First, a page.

BETHESDA, MdThe low-fat message isnt reaching Americas children. A National Cancer Institute analysis finds that, on average, children consume 35% of their calories as fat and that this figures holds across age, sex, ethnic, and income categories.
Poor dietary habits have been shown to increase adults risk for many diseases, including cancer, said Susan Krebs-Smith, PhD. Teaching kids to choose a well-balanced diet can be an important step toward their long-term health.
Dr. Krebs-Smith, Kathryn A. Munoz, PhD, and colleagues at the NCIs Applied Research Branch, analyzed data gathered in a 1981-1991 Agriculture Department survey of the food intake of 3,307 children ages 2 to 19.
The researchers found that the average fat consumption in these children was 35%, but concluded that 25% of that amount was fat that could be easily eliminated by substituting less fatty foods, such as skim milk for whole milk.
WASHINGTONCalling cigarette smoking the single most significant public health problem facing our people today, President Clinton has signed an executive order banning smoking in all interior spaces in Federal facilities under control of the executive branch. He also banned smoking in any outdoor areas in front of air intake ducts.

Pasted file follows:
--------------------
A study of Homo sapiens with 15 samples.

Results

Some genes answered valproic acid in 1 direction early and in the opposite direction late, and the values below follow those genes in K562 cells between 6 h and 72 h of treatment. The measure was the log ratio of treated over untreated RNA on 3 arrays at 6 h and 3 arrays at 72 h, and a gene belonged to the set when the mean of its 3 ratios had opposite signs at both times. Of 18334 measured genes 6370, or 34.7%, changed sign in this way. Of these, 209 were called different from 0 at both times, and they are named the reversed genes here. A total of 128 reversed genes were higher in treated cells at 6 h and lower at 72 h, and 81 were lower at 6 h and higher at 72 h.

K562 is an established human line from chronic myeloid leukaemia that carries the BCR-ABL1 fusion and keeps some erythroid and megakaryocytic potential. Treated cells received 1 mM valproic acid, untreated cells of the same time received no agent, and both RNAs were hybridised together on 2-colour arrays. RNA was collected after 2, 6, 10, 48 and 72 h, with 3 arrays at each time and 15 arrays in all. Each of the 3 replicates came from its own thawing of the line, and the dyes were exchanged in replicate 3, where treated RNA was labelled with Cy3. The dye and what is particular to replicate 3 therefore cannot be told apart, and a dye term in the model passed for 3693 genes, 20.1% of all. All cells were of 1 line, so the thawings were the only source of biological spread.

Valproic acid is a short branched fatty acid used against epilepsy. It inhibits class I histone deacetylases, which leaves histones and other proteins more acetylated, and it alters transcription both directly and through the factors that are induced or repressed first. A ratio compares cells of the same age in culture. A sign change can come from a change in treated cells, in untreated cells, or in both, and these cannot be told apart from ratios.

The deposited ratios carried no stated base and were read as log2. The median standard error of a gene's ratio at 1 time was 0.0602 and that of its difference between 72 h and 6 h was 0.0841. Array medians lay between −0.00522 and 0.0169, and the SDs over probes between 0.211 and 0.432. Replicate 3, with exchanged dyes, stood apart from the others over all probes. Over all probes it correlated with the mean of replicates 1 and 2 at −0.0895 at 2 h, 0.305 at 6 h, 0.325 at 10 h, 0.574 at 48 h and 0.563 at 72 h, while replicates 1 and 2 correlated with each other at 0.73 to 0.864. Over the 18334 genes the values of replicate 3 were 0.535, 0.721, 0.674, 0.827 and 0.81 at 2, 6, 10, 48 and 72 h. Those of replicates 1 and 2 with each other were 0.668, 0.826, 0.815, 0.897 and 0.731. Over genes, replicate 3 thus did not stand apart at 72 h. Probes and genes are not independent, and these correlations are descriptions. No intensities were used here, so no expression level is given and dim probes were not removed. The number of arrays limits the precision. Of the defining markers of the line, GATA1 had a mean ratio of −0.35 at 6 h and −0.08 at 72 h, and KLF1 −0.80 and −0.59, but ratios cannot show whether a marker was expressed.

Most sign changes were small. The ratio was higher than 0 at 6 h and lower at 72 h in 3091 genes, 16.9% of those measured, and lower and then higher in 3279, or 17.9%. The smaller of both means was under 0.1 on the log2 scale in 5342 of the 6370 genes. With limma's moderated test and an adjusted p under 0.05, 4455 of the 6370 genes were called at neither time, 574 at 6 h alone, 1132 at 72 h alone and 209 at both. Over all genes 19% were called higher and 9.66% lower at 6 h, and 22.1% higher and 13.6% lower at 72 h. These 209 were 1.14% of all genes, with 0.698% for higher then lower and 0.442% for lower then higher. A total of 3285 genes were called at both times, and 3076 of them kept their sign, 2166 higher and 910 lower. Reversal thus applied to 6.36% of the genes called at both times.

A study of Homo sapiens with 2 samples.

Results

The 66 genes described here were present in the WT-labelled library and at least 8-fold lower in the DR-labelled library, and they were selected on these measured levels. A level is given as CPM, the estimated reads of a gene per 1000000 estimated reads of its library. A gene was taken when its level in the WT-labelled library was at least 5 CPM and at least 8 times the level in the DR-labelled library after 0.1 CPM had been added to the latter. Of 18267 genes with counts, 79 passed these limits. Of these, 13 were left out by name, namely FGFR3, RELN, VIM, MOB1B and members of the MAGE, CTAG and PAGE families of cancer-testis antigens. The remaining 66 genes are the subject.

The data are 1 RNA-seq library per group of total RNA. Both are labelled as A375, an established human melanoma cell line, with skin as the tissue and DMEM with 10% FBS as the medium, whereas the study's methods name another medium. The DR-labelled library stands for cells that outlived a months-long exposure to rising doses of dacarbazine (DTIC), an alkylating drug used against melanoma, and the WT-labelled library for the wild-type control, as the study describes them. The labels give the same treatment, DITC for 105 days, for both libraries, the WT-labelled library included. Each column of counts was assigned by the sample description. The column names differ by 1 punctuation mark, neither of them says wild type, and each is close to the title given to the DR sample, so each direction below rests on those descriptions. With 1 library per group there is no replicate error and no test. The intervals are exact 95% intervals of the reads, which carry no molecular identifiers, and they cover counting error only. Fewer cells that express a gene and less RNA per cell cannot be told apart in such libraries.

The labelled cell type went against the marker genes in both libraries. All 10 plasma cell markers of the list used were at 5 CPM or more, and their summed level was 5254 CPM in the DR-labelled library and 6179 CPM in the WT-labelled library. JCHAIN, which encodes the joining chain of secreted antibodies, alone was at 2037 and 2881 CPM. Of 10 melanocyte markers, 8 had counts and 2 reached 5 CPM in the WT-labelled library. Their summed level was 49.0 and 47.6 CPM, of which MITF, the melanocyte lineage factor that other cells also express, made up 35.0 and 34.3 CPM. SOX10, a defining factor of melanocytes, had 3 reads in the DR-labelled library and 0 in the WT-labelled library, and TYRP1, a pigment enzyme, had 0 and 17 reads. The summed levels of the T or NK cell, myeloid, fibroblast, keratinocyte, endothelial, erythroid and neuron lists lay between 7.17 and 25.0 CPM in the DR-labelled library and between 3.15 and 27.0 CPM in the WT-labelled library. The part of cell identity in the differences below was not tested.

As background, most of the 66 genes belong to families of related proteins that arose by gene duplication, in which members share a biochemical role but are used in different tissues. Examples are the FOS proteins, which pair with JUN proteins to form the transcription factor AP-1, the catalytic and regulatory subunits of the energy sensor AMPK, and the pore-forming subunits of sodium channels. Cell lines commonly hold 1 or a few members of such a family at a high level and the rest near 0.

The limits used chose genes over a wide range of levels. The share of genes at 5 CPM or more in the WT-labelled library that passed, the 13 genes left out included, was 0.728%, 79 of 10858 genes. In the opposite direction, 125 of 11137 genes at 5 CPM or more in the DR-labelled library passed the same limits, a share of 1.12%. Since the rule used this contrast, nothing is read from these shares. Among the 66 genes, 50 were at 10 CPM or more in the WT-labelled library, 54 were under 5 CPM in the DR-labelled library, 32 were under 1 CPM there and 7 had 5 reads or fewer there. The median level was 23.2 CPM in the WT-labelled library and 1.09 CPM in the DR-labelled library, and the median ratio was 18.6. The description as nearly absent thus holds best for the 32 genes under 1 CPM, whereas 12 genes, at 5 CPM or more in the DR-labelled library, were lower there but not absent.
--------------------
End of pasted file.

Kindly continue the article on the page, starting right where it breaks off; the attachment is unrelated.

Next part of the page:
The order allows heads of federal agencies to go further and evaluate whether smoking should be restricted at doorways and in courtyards under executive branch control. The executive order will allow federal agencies to maintain smoking rooms if they are enclosed and are exhausted directly to the outside and away from air intake ducts.
WASHINGTONTwo federal organizationsthe Environmental Protection Agency and the National Institute of Environmental Health Scienceswill jointly fund six new research centers to study the possible environmental causes of childrens diseases. Six nonprofit institutions will be selected to set up and run the centers, which will receive a total of $10 million in the first year.
The centers will focus especially on respiratory diseases, including asthma and allergies; the role of environmental contaminants, such as lead and mercury, on intellectual development; and the impact on growth and development of exposure to pollutants before or after birth.
WASHINGTONBreast cancer survivors and research advocates won out over the US Postal Service, as Congress passed and the President signed legislation creating a special stamp to help fund research into the disease.
The Postal Service had opposed the stamp, in part because it feared the burden of many additional stamps being created to fund other worthy projects. The stamp will be available in about a year.
The stamp is to be priced no more than 8 cents above normal first class postage. It will be sold as an option, and the additional revenue generated will help fund breast cancer programs at the National Institutes of Health and Department of Defense. The new law states that money from sales of the stamp will not replace current research funds but will be added to them to increase total funding.